Orangutans are in trouble in the wild. Their forest homes are being destroyed to make way for palm oil plantations. Palm oil plantations are responsible for the clearing of hundreds of thousands of acres of orangutan habitat.
Palm oil is the most widely produced edible vegetable oil. It is harvested from the African oil palm tree, a tree that flourishes wherever heat and rainfall are abundant. It is mostly grown in Indonesian and Malaysia - the only places on earth where wild orangutans live - although this crop is expanding into Africa and South America.
Palm oil plantations are NOT a natural part of the rainforest. Palm oil is an introduced agricultural crop. Over 30 million tons of palm oil are produced in Indonesia and Malaysia per year. This demand is increasing rapidly due to recent trans-fat health concerns and bio-fuel development.
Supply and demand pressures are driving the production of palm oil up to an all-time high. Millions of acres of rainforest in Borneo and Sumatra are cut down each year to plant African oil palm trees. Instead of using already cleared land, some companies choose to cut down healthy rainforest and use the profits to fund the planting of new plantations. After logging rainforest habitat, palm oil companies often use uncontrolled burning to clear the land or peat swamp. In 1997, a devastating fire killed almost 8,000 orangutans in Borneo.
The increased demand for palm oil is fueling destruction of the rainforest habitat of Sumatran and Bornean orangutans, pushing those endangered species even closer to extinction. Estimates show that if something isn't done soon to stop the spread of palm oil plantations into the forests that house these orangutans, they will be extinct in ten to 15 years.
Boycotting palm oil is a choice consumers can make to try and help orangutans and other wildlife in Indonesia and Malaysia. However, using certified sustainable palm oil is a more effective and responsible choice.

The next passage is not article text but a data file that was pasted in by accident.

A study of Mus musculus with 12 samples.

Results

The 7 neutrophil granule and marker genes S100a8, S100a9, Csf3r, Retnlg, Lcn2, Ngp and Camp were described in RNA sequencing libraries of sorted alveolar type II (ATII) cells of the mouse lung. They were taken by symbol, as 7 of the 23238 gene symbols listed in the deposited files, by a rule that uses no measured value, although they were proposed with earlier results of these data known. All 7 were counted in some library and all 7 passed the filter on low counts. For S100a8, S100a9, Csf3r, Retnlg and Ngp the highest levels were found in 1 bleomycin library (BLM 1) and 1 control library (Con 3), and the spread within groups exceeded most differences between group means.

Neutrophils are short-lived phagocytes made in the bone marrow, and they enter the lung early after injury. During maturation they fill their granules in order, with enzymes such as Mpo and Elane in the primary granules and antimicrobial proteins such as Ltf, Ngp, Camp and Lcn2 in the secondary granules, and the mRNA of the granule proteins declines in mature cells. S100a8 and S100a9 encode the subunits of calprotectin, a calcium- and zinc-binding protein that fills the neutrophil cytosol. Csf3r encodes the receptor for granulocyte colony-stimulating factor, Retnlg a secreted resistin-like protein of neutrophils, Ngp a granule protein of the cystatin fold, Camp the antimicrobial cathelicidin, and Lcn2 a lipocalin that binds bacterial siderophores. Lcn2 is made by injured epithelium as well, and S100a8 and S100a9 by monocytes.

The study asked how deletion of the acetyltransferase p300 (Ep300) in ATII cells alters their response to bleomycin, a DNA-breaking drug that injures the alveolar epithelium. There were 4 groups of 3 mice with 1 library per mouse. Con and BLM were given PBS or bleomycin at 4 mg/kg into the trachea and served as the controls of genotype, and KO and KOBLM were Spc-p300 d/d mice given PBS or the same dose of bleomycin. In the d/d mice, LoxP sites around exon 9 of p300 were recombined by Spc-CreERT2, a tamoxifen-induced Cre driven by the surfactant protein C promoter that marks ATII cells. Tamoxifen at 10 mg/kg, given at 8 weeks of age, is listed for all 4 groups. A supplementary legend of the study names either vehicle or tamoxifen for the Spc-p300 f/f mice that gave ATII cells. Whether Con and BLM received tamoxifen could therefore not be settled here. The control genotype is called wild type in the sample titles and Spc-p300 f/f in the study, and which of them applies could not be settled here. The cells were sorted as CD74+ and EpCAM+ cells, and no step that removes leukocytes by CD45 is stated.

Oil palms are the most productive type of all the edible oil plants. Oil palms produce five to ten-times more oil per acre than other crops like soy or canola. If grown sustainably, palm oil can be a more environmentally friendly oil because less land has to be cleared to get the same amount of product.
Certified sustainable palm oil isn't just any palm oil. It comes from a plantation that has made a commitment to produce palm oil in a way that minimizes its impact on wildlife, indigenous people and the planet.
Palm oil is a huge industry, employing millions of people. Native people often lose their land and livelihoods to large palm oil companies. Most of the money from non-sustainably produced palm oil does not trickle down to local people. On certified sustainable plantations and mills, the workers have decent housing and wages as well as schools and health clinics. At plantations and mills that are NOT certified, conditions for workers and their families are not regulated.
Palm oil plantations and mills that are certified as sustainable by the Roundtable on Sustainable Palm Oil (RSPO) have met many criteria to achieve certification. Palm oil plantations and mills that are NOT certified as sustainable by the RSPO do not have to adhere to RSPO regulations. Therefore, consumers can't be sure whether or not the palm oil coming from non-RSPO producers has harmed native wildlife, violated the rights of indigenous people or had other negative environmental impacts.
The RSPO was formed in 2004 in response to the urgent and pressing global call for sustainably produced palm oil. The main objective of the RSPO is to promote the growth and use of sustainable oil palm products.
Companies who are members of the RSPO are required to abide by RSPO principles and guidelines. In November 2007, the RSPO launched a certification system, establishing a definition and criteria for certified sustainable palm oil.
We believe it is critical for consumers to support the RSPO's efforts, and show consumer preference for products made by RSPO members, and ultimately demand certified sustainable palm oil.
Support companies that have joined the RSPO.
Write to your favorite companies and restaurants. Ask them to use sustainable palm oil in their products and to join the RSPO if they haven't done so already.
Promote better labeling. Encourage RSPO companies to label products with an "Orangutan Friendly" label, just like the "Dolphin Safe" tuna labeling.
Use recycled paper products like paper towels, bathroom tissue, notebooks, stationary and printer paper.
Recycle paper and cardboard.
Ask for FSC (Forest Stewardship Council) certified wood and lumber products.
To Learn More
Visit www.rspo.org to learn more about certified sustainable palm oil.